That’s Because I Roll Twenties

When I set my small brain, tiny forelimbs and monstrous slavering maw to it, I can produce a truly outstanding sandwich. Because I am a giver, and I love to give, I will now tell you how I produce my outstanding sandwiches. Look on my chicken sandwich, ye mighty, and salivate profusely!

See what I just did there? I portrayed myself as Ozymandias, the tyrannosaur sandwich samaritan. That’s what I provide here, folks; the depleted uranium of textual imagery, both startlingly dense and utterly useless in any practical context. Go ahead, question my motives; see if anything rational or even intelligible comes out. I dare you.

So, yeah, you slice up some tomato and onion, some old cheddar, mince up some ginger and garlic and, twelve hours in the past, marinate a chicken thigh or three in a little teriyaki and soy sauce. Chop that chicken up, then, and throw it back in the marinade.

Then, on a mid to high heat, throw the onions and garlic into a fry pan with some butter and, important, salt. Sautee ’til the onions soften up and the garlic turns a nice not-burned-yet brown. Scoop it all into a bowl, and set aside.

Next, throw the chicken, marinade and all, into that fry pan and crank the heat up. The sauce will boil down to a very nice glaze on the chicken, and when that boiling-down part’s almost done, throw the ginger in there. Do not stir, or simply “spatula” the chicken – instead, shift it around with a quick flip of the wrist; this will facilitate your feeling like an actual chef! Remember that everything that goes up in the air must also land back in the pan. A key point, that.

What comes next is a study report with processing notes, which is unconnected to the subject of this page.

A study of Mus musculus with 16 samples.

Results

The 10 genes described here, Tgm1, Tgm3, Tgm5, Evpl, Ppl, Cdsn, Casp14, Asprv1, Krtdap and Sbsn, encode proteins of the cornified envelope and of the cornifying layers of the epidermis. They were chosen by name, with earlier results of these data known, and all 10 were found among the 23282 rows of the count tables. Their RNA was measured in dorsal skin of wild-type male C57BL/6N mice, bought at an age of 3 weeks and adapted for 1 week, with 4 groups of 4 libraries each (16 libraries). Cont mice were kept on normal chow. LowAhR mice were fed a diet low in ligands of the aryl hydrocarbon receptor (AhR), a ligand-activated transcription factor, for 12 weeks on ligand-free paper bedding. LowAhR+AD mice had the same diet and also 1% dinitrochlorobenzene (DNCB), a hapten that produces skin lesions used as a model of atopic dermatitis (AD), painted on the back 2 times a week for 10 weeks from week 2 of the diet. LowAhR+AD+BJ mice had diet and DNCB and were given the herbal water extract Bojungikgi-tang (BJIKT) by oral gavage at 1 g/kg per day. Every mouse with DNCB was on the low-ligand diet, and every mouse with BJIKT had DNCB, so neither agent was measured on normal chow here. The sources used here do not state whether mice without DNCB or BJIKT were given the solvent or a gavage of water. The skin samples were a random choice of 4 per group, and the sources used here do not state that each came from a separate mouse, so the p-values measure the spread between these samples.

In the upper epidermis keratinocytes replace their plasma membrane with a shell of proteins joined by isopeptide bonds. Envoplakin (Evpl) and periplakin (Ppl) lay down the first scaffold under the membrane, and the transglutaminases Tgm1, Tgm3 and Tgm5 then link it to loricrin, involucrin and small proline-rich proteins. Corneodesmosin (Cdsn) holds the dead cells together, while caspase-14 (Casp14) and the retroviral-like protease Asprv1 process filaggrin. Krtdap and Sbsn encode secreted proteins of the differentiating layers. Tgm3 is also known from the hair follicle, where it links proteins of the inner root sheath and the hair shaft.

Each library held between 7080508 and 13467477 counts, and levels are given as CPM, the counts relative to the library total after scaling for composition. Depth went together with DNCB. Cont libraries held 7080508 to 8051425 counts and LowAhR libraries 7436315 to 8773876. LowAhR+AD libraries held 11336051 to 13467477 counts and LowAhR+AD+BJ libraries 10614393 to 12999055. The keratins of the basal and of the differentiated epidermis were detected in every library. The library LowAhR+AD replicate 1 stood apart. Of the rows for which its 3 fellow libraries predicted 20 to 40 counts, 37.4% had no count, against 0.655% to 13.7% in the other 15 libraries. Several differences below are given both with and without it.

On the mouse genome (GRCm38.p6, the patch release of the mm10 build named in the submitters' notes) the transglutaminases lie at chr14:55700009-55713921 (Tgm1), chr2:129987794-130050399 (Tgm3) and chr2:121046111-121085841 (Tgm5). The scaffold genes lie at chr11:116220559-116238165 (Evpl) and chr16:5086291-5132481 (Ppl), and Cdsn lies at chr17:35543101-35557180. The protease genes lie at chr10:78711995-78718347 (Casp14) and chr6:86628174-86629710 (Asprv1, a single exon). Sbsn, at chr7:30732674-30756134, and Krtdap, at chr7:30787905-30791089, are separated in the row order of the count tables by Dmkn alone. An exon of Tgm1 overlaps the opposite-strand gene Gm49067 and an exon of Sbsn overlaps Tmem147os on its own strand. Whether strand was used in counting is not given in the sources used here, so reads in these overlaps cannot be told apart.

When slightly crispy, and not burned, put all of these things you have made onto a fresh bread of your choosing, with a little bit of mayonnaise and some dijon. Not, I think, with pedestrian yellow french’s mustard or appalling ketchup, because we are not a bunch of filthy, miserable savages scrounging for condiments on the dimly-lit fringes of a dying civilization here. Toasting the bread? You decide.

It’s a little more work than a PBJ but I promise you it’s totally worth it.


  1. Posted September 15, 2005 at 10:58 am | Permalink

    Given that your burgers are indeed little meat pucks of joy, and politely ignoring the whole Cratered Loaf Incident, I’m inclined to give this exercise a try. What proportion of soya to teryaki sauce do your recommend? Dark or light soya?

  2. Mike Hoye
    Posted September 15, 2005 at 11:32 am | Permalink

    About half and half, and enough that the chicken is wading, not swimming. You don’t want that boiling-down bit to take forever.

    If you are not using Pearl River Bridge light soy sauce in every single corner of your life where soy sauce is required, your life is very slightly but measurably worse than it would otherwise be.

  3. Zeynep
    Posted September 15, 2005 at 11:39 am | Permalink

    I can almost smell this, and man, it smells _good_.

  4. Posted September 15, 2005 at 12:24 pm | Permalink

    Ah, so? Ya? I’ll have to give that soy sauce a try. Totally new to me, it is.

    As for rolling natural twenties, well, there are upsides and downsides to roleplaying…

  5. Posted September 15, 2005 at 6:12 pm | Permalink

    Is it merely a coincidence that all your recipes can be held between two slices of bread?

  6. Posted September 15, 2005 at 6:31 pm | Permalink

    Also, I totally thought “rolling twenties” was some kind of drug slang.

  7. Posted September 16, 2005 at 10:40 am | Permalink

    The reference.

  8. Mike Hoye
    Posted September 16, 2005 at 10:44 am | Permalink


    1. No!
    2. Obviously. As you know, the connection between Dungeons And Dragons and the street-drug trade is well understood. Rolling twenties is something of a ‘pass-phrase’ into that sinister world of low-grade meth and kobolds!